Experimental Parkinson’s treatment draws ethics scrutiny with wealthy donor selected as first patient

parkinsonssyringegreen illustration mollyferguson
Credit: Molly Ferguson

A secretive experiment revealed [May 12], in which neurosurgeons transplanted brain cells into a patient with Parkinson’s disease, made medical history. It was the first time such “reprogrammed” cells, produced from stem cells that had been created in the lab from the man’s own skin cells, had been used to try to treat the degenerative brain disease. But it was also a bioethics iceberg, with some issues in plain sight and many more lurking.

In 2013, the soon-to-be patient, George Lopez, gave $2 million to underwrite research on cells in lab dishes and rats that was required to show that the surgery might be safe and possibly even effective.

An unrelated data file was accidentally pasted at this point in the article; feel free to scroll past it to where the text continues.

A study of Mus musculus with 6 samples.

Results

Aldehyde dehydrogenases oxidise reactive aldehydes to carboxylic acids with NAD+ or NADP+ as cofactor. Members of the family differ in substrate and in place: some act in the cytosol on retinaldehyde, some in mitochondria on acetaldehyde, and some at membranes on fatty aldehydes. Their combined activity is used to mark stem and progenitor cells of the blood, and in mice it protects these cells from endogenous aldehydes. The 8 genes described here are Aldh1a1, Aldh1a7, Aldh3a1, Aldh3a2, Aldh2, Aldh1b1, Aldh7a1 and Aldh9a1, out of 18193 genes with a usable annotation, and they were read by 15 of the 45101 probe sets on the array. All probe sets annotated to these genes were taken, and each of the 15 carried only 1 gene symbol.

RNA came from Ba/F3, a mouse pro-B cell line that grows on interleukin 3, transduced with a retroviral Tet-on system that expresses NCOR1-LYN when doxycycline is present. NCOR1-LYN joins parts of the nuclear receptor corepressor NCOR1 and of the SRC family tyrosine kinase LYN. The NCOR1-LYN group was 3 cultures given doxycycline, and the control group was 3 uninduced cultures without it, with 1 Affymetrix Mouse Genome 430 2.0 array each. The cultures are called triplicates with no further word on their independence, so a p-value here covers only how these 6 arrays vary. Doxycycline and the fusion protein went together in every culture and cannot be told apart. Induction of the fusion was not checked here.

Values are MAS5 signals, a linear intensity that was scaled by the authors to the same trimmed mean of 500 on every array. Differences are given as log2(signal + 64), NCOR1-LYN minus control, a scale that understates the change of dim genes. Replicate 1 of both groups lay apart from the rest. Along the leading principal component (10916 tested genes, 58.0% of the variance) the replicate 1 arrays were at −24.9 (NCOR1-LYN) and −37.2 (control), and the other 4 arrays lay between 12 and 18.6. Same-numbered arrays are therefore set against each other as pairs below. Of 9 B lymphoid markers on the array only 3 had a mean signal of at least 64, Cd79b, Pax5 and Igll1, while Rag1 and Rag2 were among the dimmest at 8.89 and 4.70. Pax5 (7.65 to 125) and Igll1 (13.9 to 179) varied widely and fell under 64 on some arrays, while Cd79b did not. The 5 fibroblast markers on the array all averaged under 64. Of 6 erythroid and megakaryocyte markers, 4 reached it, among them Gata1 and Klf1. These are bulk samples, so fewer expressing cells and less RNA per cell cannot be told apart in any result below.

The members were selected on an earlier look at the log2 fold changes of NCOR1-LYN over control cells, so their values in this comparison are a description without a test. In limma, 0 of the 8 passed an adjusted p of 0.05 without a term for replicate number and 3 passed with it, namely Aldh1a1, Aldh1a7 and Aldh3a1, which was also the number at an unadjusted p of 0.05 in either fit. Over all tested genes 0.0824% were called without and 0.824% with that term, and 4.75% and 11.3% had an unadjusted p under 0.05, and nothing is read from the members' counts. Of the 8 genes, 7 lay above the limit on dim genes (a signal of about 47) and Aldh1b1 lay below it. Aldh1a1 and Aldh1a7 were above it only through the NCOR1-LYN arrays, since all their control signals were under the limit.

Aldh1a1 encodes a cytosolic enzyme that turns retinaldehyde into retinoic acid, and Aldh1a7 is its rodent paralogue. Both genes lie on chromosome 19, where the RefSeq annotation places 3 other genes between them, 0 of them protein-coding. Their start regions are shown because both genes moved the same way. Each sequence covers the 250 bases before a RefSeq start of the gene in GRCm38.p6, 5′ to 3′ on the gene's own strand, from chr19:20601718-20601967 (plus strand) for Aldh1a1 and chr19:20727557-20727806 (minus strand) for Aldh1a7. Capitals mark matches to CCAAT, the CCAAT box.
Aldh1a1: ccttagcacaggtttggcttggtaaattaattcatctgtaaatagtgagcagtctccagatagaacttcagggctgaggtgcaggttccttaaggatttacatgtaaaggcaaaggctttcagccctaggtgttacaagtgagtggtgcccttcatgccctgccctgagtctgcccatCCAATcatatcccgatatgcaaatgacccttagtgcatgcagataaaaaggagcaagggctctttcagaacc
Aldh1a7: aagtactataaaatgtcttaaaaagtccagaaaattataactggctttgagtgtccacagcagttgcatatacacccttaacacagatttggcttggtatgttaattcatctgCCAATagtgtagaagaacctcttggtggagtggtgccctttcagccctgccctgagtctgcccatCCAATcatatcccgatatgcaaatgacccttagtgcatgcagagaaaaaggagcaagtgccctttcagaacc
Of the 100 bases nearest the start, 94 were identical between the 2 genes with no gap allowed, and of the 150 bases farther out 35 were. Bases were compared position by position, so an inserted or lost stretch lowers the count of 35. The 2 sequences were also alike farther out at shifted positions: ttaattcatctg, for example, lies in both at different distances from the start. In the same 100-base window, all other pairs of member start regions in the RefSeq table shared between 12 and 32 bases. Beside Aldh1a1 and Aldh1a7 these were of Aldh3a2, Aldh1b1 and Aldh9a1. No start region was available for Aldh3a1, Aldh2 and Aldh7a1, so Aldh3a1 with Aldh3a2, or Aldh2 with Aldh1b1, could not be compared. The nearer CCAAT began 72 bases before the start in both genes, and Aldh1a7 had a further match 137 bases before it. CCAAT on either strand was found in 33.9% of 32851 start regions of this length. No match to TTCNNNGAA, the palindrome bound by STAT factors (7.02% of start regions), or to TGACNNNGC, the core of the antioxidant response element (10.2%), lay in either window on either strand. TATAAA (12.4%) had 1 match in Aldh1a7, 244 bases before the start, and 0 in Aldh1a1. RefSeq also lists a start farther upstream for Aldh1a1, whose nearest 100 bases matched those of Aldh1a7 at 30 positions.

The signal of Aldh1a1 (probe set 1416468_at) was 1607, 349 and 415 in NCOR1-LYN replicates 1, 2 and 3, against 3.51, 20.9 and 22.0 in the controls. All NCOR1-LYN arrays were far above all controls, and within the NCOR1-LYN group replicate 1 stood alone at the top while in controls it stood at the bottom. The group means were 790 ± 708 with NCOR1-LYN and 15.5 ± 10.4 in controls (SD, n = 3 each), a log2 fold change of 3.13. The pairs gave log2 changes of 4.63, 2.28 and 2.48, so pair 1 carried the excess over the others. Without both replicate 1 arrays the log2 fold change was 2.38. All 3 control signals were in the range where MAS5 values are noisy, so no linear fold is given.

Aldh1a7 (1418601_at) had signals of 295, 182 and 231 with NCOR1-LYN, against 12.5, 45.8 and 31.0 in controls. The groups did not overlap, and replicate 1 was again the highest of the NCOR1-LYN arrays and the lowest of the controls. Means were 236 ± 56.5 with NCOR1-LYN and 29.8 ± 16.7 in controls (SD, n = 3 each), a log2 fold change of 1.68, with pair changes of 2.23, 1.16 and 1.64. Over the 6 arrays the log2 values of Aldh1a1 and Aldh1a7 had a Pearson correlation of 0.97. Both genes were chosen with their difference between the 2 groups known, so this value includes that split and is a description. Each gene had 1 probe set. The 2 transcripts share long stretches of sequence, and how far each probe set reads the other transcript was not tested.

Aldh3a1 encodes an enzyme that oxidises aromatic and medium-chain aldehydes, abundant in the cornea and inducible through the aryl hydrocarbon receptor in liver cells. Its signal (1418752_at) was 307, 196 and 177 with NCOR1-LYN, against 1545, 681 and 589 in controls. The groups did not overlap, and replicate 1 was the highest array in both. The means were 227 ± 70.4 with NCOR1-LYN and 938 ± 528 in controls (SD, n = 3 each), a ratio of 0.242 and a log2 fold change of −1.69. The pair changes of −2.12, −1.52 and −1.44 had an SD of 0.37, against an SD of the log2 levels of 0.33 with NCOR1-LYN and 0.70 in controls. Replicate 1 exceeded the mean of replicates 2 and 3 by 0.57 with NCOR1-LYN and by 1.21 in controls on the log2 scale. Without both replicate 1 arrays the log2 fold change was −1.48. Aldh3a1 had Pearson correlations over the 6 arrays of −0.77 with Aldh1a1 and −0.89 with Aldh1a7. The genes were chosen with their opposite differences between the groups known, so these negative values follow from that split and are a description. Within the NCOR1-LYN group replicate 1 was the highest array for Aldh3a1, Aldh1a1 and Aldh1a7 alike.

Related article:  When coronavirus patients don't have time to wait: Pandemic forces ethical shift in assessing treatments

The problem here isn’t that Lopez received a transplant that thousands of other Parkinson’s patients wish they could try, but that a massive research effort was launched on his behalf because he paid for it. “In my opinion we have an obligation to make sure that scarce resources, such as scientists themselves, are directed toward the greatest possible good,” [bioethicist Jonathan] Kimmelman said. “If a model like this takes hold — and it’s not hard to imagine — then academic medical centers might move their research to where the money is, not where the greatest scientific promise and medical need are.”